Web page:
Survey and Test

Why can’t inefficient buildings be rented after 2018

Energy efficiency management

The energy Act 2011 places a duty on the secretary of state to bring into force regulations to improve the energy efficiency of buildings in the domestic and non-domestic private rented sectors across England and Wales. Eligible properties within these sectors must be improved to a specified minimum standard by the 1st April 2018. Buildings not required to obtain an Energy Performance Certificate (EPC), such as those awaiting demolition will not be within the scope of the regulations.

Domestic private rented sector energy efficiency proposed regulations

The minimum standard regulations are set out to improve the least energy efficient properties in the sector, which are those with an F or a G EPC rating. In 2011, 8% of private rented sector properties in England had an EPC rating of F and 3% a rating of G. These low levels of efficiency contribute to the high level of fuel poverty for households within this sector, an estimated 21%.

Tenants energy efficiency improvement regulations must be in force by 1st April 2016 and will empower tenants to request consent for energy efficiency measures that may not unreasonably be refused by the landlord. These tenants improvement regulations will apply to any property regardless of the EPC rating, whilst the minimum standard regulations will only apply to properties with an F or a G EPC rating.

Financing

Landlords will be allowed to refuse a tenants request where the funding route proposed by the tenant entails net or upfront costs to the landlord for the improvements to be made. Funding options available to tenants to ensure there are no upfront or net costs to the landlords include Green Deal finance, ECO, local or national grants and the tenants own sources. The tenant is required to obtain an EPC or Green Deal Assessment to secure quotes for funding the proposed improvements before providing a written request to their landlord. Under the minimum standards regulation where a property falls below an E EPC rating, the landlord would only be required to undertake improvements that could be funded without any upfront or net costs through the use of Green Deal finance, ECO or other incentives.

The Government plans to lay out the regulations by the start of 2015 in order to provide certainty and clarity to the market as to what the regulations will require, giving businesses time to plan and implement their response ahead of the regulations coming into force (Please read “Private Rented Sector Energy Efficiency Regulations (Domestic)”, published on the 22nd July 2014 by the Department of Energy & Climate Change for the full consultation).

Non – domestic private rented sector energy efficiency proposed regulations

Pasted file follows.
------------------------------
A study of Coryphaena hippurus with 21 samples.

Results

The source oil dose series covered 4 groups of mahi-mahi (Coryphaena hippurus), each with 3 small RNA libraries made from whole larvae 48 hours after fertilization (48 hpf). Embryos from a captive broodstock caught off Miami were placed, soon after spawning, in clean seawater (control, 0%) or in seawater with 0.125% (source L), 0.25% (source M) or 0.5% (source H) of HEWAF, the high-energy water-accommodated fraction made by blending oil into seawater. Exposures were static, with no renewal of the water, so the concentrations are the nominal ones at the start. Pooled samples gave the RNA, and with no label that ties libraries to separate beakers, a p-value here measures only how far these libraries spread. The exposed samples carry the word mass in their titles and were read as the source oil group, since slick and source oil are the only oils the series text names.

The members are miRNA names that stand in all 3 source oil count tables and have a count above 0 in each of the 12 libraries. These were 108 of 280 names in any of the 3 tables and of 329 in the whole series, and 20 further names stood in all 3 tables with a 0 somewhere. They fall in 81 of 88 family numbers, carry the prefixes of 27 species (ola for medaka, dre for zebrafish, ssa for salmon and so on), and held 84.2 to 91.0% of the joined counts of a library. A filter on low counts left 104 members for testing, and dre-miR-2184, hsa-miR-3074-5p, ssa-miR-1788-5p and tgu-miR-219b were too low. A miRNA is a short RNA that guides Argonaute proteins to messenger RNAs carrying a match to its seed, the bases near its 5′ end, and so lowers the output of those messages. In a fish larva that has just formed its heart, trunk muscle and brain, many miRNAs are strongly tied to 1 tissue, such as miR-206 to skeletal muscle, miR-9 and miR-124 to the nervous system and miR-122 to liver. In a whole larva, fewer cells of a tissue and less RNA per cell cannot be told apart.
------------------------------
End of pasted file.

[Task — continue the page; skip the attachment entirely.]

The regulations are very similar to the domestic sector as they intend to tackle the very least energy efficient properties, those rated F or G on their EPC rating. The regulations will be implemented for slightly different reasons compared to the domestic sector, where the primary role of the regulations are to reduce domestic fuel poverty. Increasing energy efficiency of the non domestic property stock will help smooth peaks in seasonal energy demand, reduce greenhouse gas emissions and thereby increase energy security. Increased demand for energy efficiency measures is also likely to support growth and jobs within the green construction industry and the wider supply chain.

Financing

There are no tenants energy efficiency improvement regulations included in the non-domestic sector, however the financing for the minimum standard regulations are very similar to the domestic sector. When a property falls below an E EPC rating, the landlord would only be required to make those improvements which could be made at no upfront cost, for example through a Green Deal finance arrangement. Whilst the Green Deal Finance Company is currently not offering Green Deal finance on non-domestic properties, it continues to keep this under review. To assist those landlords who decide not to use Green Deal finance, the Government is consulting on whether landlords could be permitted to demonstrate compliance by undertaking all improvements that pay for themselves in energy bill savings within a prescribed period.

Alongside the domestic sector, the Government plans to lay out the regulations by the start of 2015 (Please read “Private Rented Sector Energy Efficiency Regulations (Non-Domestic)”, published on the 22nd July 2014 by the Department of Energy & Climate Change for the full consultation).